Tasting Room Newsletter December 2011

  December 1, 2011
Embrace the Platinum Rule
We are all familiar with the Golden Rule: Do unto others as you would have others do unto you. In other words, treat others as you would like to be treated. But in a high-touch service industry like wine, is that really the best we can do?

Successful wineries have learned that it isn’t enough to just be courteous. With so many wineries for customers to choose from, how will you distinguish your brand? The key is to make the service exceptional, the interaction unique and the experience memorable.

For an extraordinary customer experience, upgrade to the Platinum Rule: Treat customers as they want to be treated. This means finding out how they want to be treated and following through. Be observant. Listen. Ask open-ended questions that engage customers in order to determine their needs and wants. Pay attention to their responses, both verbal and non-verbal, and be sure to create dialogue around their answers. When you ask questions, listen to the replies and build a connection with the person in front of you; their unique experience at your winery will be memorable. When you build rapport and tailor the discussion to their needs, you not only can exceed their expectations but also successfully make an easier, more natural sale.

For example, we may have a special on Chardonnay and want to sell that wine. But if we learn that the customer across the tasting bar only likes red wine, we need to honor their preference and find a red wine that will suit their palate. Likewise, during the tasting experience, some customers want conversation and others prefer to be left alone to enjoy the wines quietly. One size does not fit all. Get to know your customers individually and deliver a platinum experience they deserve.

Source: WISE Academy, www.wineindustrysaleseducation.com

To Do and Not To Do
Thanksgiving was upon us in November, and I decided that we would just have “To Do” experiences in that spirit. Out of the dozen or so tasting rooms I visited during that month, only a few were just so-so. Most had something to learn from and, possibly, apply to your own winery.
To Do: While at a popular Dry Creek Valley winery I overheard some visitors mention that they had a great time at Zichichi Family Vineyard & Winery because they were doing “Barrel Tasting.” Now that’s a new concept that needed investigating. Jennifer Radomski is the tasting room and DtC manager. While only a few months on the job, she knew her stuff, was very friendly and engaging, and after tasting great Zins and a Cab, she took us (a couple of tourists had just arrived) 20 feet around the corner to the barrel room. The smell was great, and we were surrounded by dozens of full barrels. Using a glass thief (the plastic ones look tacky and stain more easily), she extracted and poured two 2010 Zins. The wines were from the same vineyards we had sampled at the bar, but different vintages. The explanations of vintage and age differences were clear, and we could really visualize the way they would taste one or two years from now. We all remembered the experience. Zichichi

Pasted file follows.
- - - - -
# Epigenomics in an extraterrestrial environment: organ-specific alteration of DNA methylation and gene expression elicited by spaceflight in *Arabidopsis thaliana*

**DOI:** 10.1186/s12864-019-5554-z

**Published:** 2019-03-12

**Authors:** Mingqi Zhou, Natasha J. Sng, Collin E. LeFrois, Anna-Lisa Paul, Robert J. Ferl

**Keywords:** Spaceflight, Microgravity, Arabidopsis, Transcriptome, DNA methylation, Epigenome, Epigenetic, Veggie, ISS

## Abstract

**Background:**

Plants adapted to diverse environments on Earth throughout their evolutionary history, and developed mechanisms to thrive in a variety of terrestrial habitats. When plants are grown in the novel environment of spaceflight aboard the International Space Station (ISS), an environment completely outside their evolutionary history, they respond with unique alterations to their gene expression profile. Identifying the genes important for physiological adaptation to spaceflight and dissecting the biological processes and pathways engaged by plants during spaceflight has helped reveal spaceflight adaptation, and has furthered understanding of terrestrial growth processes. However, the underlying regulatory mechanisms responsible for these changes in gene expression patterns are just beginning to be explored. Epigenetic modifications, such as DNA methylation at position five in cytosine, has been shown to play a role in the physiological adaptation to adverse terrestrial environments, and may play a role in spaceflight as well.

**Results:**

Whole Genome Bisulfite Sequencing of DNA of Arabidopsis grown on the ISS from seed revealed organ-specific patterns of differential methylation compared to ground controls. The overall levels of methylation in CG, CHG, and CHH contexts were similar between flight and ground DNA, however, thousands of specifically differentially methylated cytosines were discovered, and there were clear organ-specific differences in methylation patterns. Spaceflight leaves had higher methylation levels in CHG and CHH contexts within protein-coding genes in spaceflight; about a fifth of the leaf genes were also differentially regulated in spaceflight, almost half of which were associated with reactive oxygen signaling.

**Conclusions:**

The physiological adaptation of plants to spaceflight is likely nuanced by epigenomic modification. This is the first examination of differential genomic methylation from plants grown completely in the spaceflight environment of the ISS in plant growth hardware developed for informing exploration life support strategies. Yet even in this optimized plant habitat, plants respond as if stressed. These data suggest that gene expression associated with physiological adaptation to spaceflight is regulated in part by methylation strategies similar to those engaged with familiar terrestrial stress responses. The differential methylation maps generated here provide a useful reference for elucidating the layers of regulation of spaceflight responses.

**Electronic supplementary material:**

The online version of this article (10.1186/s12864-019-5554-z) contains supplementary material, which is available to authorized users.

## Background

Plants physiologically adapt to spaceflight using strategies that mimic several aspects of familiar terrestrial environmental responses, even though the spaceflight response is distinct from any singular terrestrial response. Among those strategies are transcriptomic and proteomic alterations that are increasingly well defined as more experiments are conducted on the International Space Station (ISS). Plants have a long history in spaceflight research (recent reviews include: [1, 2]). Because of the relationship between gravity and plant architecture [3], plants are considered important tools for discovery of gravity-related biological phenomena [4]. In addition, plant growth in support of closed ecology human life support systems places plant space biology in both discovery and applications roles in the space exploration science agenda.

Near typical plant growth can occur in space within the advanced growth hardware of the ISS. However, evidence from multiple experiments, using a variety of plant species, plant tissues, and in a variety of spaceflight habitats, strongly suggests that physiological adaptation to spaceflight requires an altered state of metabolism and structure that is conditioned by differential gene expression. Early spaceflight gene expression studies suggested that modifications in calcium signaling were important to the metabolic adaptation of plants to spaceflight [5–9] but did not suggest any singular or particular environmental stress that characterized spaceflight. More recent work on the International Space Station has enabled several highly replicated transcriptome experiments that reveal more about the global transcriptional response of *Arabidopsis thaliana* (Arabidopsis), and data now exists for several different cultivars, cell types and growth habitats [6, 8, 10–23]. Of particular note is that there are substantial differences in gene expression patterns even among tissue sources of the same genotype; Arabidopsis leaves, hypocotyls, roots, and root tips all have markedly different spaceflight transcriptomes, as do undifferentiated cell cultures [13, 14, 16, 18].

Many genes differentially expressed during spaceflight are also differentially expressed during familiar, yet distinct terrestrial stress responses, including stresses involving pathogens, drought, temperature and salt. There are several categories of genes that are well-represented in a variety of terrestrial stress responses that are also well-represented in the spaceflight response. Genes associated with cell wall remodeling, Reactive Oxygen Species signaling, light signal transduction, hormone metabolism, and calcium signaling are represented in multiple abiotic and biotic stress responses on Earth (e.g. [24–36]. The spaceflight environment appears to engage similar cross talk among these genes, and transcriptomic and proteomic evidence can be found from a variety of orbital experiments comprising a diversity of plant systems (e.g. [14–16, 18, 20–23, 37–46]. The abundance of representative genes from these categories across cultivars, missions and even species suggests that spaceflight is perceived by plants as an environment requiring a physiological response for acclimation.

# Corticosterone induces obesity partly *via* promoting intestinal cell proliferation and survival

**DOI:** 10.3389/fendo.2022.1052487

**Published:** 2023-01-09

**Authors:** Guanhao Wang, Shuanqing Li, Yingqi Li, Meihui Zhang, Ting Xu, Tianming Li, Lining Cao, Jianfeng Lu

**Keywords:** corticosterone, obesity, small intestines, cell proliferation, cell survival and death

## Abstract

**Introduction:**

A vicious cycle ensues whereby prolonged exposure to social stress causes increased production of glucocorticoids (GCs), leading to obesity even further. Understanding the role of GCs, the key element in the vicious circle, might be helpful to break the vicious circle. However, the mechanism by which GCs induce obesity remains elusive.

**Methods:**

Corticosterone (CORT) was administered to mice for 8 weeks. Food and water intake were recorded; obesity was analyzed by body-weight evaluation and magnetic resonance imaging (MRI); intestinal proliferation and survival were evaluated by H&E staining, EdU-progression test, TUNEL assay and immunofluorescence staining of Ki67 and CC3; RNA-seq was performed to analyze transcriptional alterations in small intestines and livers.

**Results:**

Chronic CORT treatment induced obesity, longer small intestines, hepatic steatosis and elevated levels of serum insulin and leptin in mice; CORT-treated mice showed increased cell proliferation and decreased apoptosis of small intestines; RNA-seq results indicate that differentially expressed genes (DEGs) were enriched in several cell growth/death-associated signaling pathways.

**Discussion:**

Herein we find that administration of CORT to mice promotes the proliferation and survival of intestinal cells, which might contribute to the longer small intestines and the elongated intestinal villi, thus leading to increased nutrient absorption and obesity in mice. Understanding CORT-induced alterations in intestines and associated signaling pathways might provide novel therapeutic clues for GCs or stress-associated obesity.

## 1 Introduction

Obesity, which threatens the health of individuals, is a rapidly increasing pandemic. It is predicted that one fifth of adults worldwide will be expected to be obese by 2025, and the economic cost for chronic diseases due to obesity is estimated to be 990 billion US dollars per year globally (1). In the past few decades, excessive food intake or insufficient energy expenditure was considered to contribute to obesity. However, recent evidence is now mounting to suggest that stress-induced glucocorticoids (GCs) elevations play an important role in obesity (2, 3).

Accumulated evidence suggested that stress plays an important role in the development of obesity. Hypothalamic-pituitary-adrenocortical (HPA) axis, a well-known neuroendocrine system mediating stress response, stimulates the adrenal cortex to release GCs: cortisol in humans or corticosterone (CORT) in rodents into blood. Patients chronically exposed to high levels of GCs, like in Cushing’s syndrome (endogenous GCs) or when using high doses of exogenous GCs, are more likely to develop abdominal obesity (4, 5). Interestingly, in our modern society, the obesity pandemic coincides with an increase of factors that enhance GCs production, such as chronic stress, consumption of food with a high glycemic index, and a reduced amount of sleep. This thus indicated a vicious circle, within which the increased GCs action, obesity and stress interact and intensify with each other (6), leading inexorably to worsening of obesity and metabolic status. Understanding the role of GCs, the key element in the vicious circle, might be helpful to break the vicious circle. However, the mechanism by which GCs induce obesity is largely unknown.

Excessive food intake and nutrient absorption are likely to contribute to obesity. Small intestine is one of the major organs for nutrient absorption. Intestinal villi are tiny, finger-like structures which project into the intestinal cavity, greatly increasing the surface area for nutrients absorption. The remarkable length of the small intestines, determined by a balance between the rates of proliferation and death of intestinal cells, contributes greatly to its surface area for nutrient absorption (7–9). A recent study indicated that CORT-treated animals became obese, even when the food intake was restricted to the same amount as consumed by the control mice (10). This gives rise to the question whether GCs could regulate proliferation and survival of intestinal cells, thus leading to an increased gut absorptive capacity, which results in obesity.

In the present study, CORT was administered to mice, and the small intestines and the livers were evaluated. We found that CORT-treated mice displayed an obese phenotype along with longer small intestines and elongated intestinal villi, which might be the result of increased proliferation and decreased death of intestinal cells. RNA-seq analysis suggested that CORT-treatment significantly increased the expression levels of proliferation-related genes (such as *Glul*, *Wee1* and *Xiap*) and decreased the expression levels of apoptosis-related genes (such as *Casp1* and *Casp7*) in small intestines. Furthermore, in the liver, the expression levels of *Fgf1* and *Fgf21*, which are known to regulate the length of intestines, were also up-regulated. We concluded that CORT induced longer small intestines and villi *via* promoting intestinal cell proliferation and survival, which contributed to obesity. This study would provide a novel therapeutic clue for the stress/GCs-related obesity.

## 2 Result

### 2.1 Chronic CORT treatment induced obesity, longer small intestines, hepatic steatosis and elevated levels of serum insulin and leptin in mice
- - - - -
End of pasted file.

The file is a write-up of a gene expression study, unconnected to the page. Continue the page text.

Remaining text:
sells most of its 3,000-case production as futures, which is great for cash flow. This is not for everyone, as maintaining consistent flavors in the open barrels requires the winemaker to adjust daily, but it definitely is a long-lasting experience for the visitors (without the unruly, thirsty crowds at most “barrel tasting” events).
To Do: Downtown Healdsburg (Sonoma) has seen an invasion of tasting rooms during the past five years. I’m all for it, and the visitors, merchants and restaurants love it. La Crema
is part of the Kendall-Jackson family, but it acts like a small, 5,000-case winery with premium Chardonnay, Pinot Noir and Syrah. As you walk down the main street, you are attracted to the tasting room by the brightly lit, modern interior. As you enter the tasting room, you are welcomed by the dynamic, fast-talking, warmth-filled smiles of April Lombardo, tasting room supervisor, and Samantha George. At least 10 visitors were at the counter, and I was automatically included in the experience. Visitors felt comfortable, attended to, and the wines were always quickly described to guide the palate rather than dictate. The rain had started to fall, and the late fall temperature was penetratingly cold. I stepped out of the room feeling warm and thankful—I only had three or four tastings, so it could not have been the glow of alcohol…
Lessons to Learn: Warm greetings and smiles are still the basis of good hospitality. Although we may not remember all wineries that are like that, we certainly remember the ones that are not. New ideas like daily barrel tastings are part of making your tasting room and the experience different and memorable from others. Let me know what makes your tasting room “out of the box”…


Jacques Brix is Vice-President and Director of Sales, West Coast for Wines & Vines. This column is based on his personal experiences at winery tasting rooms.